The benefits of cardiovascular training are definitely no secret. Exercising your cardiovascular system will help reduce your risk of heart disease and will help improve your ability to perform daily activities.
These are facts supported by numerous studies.
What I want to talk about in this article are the things that you don’t often hear about – the details.
Your cardiovascular system is composed of your heart and a network of blood vessels (arteries and veins) that carry blood throughout your body. It’s responsible for circulating blood throughout your body, transporting nutrients, oxygen, carbon dioxide, metabolic waste products and important hormones. It does a lot. It even helps maintain your core temperature.
I don’t want to discuss how exactly your heart works. Instead, I want to discuss what impact cardiovascular training has on your body on a deeper level.
There are few things we need to cover first.
To start, your heart pumps roughly 70-75 bpm (beats per minute) at rest. This is your heart rate (HR). Each time it pumps, it forces blood into the arteries to deliver oxygen and nutrients to the active tissues in your body. You can feel these waves of blood moving through your arteries as a pulse at any major artery close to the skin (your wrist for instance).
Second, we consider stroke volume (SV). This is the amount of blood that your heart (more specifically the left ventricle of your heart) ejects in one beat.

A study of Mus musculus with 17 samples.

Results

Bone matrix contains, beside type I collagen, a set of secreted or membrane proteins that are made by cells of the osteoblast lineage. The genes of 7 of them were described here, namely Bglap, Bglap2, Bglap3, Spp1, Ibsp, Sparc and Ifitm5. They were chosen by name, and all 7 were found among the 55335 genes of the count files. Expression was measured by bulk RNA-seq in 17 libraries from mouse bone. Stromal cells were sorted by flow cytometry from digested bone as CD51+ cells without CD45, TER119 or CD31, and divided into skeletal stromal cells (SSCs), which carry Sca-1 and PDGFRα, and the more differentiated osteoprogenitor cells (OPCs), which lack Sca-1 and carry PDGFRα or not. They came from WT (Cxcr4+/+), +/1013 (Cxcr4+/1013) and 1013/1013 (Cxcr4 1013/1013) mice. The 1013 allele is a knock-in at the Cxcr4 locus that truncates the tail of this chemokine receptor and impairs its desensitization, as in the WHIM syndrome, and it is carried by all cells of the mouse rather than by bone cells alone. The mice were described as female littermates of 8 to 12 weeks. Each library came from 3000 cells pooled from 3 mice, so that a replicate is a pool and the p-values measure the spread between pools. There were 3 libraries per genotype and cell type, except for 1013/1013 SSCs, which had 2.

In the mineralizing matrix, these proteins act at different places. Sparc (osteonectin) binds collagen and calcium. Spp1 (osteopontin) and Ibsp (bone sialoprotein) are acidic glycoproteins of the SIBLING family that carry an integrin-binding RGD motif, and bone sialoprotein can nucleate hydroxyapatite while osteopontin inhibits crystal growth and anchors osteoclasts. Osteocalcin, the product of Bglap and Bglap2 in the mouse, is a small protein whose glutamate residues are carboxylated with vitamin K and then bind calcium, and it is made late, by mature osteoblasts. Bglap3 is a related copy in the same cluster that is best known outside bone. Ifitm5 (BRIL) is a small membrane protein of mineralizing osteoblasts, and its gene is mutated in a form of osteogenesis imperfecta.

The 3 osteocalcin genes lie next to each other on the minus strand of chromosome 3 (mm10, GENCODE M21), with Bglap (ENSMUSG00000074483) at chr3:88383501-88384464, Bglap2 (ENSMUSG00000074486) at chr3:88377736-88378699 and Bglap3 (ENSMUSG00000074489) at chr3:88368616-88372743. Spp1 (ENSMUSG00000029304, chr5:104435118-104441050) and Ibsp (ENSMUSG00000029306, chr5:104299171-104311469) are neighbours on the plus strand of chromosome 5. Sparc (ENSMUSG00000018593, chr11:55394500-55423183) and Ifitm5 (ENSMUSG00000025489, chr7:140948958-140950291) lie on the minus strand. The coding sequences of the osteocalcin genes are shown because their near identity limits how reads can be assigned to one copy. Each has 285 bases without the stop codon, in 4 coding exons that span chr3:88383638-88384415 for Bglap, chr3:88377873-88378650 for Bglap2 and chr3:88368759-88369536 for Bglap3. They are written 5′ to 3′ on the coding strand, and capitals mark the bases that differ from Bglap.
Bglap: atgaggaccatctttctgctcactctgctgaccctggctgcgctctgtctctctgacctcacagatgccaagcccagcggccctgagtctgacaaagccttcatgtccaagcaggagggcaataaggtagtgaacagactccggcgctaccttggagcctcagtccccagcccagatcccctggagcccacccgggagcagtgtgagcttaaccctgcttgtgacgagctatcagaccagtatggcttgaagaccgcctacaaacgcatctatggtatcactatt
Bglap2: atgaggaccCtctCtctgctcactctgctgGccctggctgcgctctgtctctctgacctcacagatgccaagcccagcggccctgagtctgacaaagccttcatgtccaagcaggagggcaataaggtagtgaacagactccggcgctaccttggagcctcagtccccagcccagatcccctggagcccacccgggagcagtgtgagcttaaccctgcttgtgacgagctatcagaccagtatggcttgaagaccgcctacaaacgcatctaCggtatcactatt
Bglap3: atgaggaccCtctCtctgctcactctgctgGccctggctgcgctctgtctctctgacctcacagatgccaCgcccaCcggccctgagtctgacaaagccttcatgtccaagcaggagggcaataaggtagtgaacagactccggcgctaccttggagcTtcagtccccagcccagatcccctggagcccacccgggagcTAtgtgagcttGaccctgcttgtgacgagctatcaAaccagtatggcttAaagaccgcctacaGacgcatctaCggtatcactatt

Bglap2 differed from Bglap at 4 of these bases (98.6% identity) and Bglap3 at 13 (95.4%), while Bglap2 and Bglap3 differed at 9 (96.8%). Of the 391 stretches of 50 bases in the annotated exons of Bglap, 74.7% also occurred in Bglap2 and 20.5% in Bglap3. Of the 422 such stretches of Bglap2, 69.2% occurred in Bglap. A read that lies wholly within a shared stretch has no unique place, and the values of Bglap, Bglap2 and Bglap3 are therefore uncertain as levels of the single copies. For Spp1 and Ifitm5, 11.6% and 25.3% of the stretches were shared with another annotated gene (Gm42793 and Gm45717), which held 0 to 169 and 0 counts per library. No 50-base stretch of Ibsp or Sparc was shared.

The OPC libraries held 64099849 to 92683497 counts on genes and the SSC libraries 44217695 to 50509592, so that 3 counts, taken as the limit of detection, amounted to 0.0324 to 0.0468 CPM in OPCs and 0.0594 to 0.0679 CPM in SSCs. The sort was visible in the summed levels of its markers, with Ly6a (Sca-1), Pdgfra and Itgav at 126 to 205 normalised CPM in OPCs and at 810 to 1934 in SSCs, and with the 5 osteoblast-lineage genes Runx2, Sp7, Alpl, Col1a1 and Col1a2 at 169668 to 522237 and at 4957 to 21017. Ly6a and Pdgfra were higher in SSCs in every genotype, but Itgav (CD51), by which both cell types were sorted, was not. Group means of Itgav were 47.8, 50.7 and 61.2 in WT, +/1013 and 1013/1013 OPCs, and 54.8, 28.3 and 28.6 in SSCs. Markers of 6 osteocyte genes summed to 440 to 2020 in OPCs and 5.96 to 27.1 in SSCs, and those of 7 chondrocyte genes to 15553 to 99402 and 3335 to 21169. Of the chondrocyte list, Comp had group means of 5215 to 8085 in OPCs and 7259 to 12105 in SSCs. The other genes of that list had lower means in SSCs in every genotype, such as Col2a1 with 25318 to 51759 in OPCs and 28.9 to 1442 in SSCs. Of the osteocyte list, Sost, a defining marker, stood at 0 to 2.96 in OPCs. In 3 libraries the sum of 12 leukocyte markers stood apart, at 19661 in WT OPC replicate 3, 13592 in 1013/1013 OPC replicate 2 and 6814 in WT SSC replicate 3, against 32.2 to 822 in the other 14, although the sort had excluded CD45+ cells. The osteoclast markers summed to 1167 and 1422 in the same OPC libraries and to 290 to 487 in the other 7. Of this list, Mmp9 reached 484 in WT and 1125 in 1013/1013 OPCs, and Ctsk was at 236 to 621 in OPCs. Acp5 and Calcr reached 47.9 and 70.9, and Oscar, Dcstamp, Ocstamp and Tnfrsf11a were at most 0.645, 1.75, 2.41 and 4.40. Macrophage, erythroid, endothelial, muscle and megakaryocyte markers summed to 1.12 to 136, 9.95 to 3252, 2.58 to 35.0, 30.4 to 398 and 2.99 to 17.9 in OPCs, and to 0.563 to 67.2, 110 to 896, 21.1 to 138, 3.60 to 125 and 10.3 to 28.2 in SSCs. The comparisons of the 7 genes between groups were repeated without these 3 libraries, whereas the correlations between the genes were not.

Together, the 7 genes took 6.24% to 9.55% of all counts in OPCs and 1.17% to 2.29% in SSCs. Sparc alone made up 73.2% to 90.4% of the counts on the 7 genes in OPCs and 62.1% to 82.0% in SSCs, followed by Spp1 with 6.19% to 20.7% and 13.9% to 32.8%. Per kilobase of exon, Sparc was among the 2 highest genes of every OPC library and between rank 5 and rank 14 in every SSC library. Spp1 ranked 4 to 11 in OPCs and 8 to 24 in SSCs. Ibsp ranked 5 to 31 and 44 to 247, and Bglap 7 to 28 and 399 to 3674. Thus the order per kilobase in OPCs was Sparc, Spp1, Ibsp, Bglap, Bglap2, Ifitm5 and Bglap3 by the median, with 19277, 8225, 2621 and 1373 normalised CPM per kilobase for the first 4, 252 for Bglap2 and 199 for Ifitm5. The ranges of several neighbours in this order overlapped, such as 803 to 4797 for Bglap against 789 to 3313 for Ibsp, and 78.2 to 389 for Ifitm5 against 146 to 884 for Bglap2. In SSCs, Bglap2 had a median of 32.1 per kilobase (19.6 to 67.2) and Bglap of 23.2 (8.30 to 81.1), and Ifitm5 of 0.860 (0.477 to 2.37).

Lastly, cardiac output (Q) is the amount of blood that the heart ejects in one minute.
So what kind of benefits does cardiovascular training bring when it comes to these things?
As you improve your cardiovascular fitness, the ventricles of your heart become larger, allowing them to hold more blood and contract with a higher force. So your stroke volume increases as you get fitter and you’ll be able to deliver more blood per heartbeat. This means your heart doesn’t have to work as hard during exercise or even at rest.
Cardiovascular training helps lower your resting HR and helps normalize your resting blood pressure. A lower resting HR means that your heart does not have to work as hard during rest because it is able to pump more blood each beat. This results in less wear-and-tear on your heart. It also means that your heart will be able to work harder at the onset of exercise.
All in all, the benefits of cardiovascular training come down to an overall improvement in both oxygen delivery and oxygen extraction. Your body becomes a more efficient system with a strong heart..well…at the heart of it.